Despite the potential surrounding bitcoin, the alternative payment method has been beleaguered by skepticism and ties to illegal goods ever since it first launched in early 2009. And many have become enthralled in the dark web that bitcoin can weave — even those who one would least suspect.
Such is the case of former U.S. Secret Service agent Shaun Bridges, who stole approximately $350,000 in bitcoin from user accounts on the Silk Road while serving on a task force designed to investigate the online marketplace.
Yesterday (Dec. 7), a judge sentenced Bridges to 71 months in prison, as well as three years of supervised release post-prison. Bridges plead guilty to felony charges of money laundering and obstruction of justice.
While Bridges’ sentence pales in comparison to that of Dread Pirate Roberts, who is serving life in prison, the judge’s ruling did represent the maximum allowable sentencing, The Wall Street Journal reported. As part of his sentence, Bridges was also ordered to pay $1.1 million in restitution.
The judge in Bridges’ trial explained that he was determined to send a lesson to Bridges and others that would act similarly in his position.
“This, to me, is an extremely serious crime consisting of the betrayal of public trust from a public official,” U.S. District Judge Richard Seeborg told the court, as reported by Ars Technica. “From what I can see, it was motivated by greed. No departure or variance is warranted in this case. I seldom find myself in the position of imposing a high-end sentence, but I find this is warranted in this case.”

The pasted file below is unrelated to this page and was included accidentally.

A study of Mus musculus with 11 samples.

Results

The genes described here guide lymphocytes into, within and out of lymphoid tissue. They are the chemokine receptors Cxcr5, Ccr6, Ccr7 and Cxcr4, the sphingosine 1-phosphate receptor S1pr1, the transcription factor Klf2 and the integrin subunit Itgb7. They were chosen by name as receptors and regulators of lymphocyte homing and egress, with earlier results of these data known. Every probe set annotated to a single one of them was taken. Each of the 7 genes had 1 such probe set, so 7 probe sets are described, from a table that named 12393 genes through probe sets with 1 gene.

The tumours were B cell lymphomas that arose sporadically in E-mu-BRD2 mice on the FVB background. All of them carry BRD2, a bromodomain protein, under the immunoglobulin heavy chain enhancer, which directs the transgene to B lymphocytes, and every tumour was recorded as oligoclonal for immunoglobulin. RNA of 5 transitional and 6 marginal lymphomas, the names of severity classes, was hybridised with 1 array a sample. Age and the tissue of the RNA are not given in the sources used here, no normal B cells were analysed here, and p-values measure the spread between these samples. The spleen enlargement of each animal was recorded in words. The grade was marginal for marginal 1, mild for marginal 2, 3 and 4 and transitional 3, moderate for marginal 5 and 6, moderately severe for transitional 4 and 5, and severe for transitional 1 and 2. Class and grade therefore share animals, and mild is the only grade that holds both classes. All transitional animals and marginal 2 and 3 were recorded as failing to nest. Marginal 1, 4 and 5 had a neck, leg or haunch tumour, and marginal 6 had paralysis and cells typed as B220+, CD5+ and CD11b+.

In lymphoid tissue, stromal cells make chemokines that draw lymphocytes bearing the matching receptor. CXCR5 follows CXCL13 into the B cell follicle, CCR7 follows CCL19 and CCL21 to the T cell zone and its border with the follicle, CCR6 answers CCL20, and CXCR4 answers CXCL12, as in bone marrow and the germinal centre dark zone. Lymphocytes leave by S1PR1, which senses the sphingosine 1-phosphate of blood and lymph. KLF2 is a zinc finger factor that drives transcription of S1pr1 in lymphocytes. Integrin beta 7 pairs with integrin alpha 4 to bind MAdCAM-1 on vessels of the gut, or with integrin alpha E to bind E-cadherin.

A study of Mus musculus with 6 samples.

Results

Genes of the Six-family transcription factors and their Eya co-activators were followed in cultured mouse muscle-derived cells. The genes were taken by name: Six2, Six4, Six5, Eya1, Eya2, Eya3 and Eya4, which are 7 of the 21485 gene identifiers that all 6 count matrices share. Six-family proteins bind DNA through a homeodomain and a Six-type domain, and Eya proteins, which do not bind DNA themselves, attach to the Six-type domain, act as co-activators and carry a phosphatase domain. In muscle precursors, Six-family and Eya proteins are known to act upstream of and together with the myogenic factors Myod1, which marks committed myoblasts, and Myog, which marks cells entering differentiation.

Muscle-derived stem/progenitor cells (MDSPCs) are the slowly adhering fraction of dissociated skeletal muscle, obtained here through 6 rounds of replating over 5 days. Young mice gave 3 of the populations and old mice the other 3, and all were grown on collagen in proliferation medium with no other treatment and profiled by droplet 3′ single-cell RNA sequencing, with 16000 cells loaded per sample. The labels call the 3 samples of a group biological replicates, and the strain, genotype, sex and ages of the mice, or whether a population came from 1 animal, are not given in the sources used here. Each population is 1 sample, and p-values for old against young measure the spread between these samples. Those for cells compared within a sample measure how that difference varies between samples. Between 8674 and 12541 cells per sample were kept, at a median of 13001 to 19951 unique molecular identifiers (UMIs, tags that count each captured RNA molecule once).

Ars Technica explained that while working as an investigator on the Baltimore Silk Road Task Force in 2013, Bridges obtained access the log-in credentials from an administrator of the site, Curtis Green, who had recently been taken into custody by Bridges’ task force. Bridges proceeded to access users’ accounts and move bitcoin directly to his own digital wallets. He also transferred these amounts off of Silk Road to accounts he held on Mt. Gox, the long-embattled and now-defunct Japanese bitcoin trading site. Bridges reportedly sold the stolen bitcoin for about $820,000. According to prosecutors, this move also invalidated several legal cases the U.S. government was pursuing against Mt. Gox — and likely contributed to the harsh sentence Bridges received as a result.
“The number of cases that Mr. Bridges contaminated – as well as investigations across the country that his conduct led to have to be shut down – is startling,” Kathryn Haun, assistant U.S. attorney, told the court, Ars Technica reported. “There was another investigation into Mt. Gox that had to be shut down. I can tell you that Mr. Bridges learned there was a criminal investigation afoot with Mt. Gox, and what did he do? He turned around to the AUSA and did a civil seizure warrant to [Mt. Gox founder Mark] Karpeles. But two days before he did that, he made sure to get all of his money out. Bridges didn’t want a criminal case to proceed because if the government got the records, they would have seen his name.”
As digital banks continue to experiment with blockchain technology, rehabilitating the public image of bitcoin is of paramount importance if average consumers are ever going to be expected to move their money this way. Especially as fintech innovators are looking to experiment with new money categorization strategies, an enthusiasm among developers for bitcoin-enhanced functionality will fall flat every time if there isn’t enough market acceptance to support it.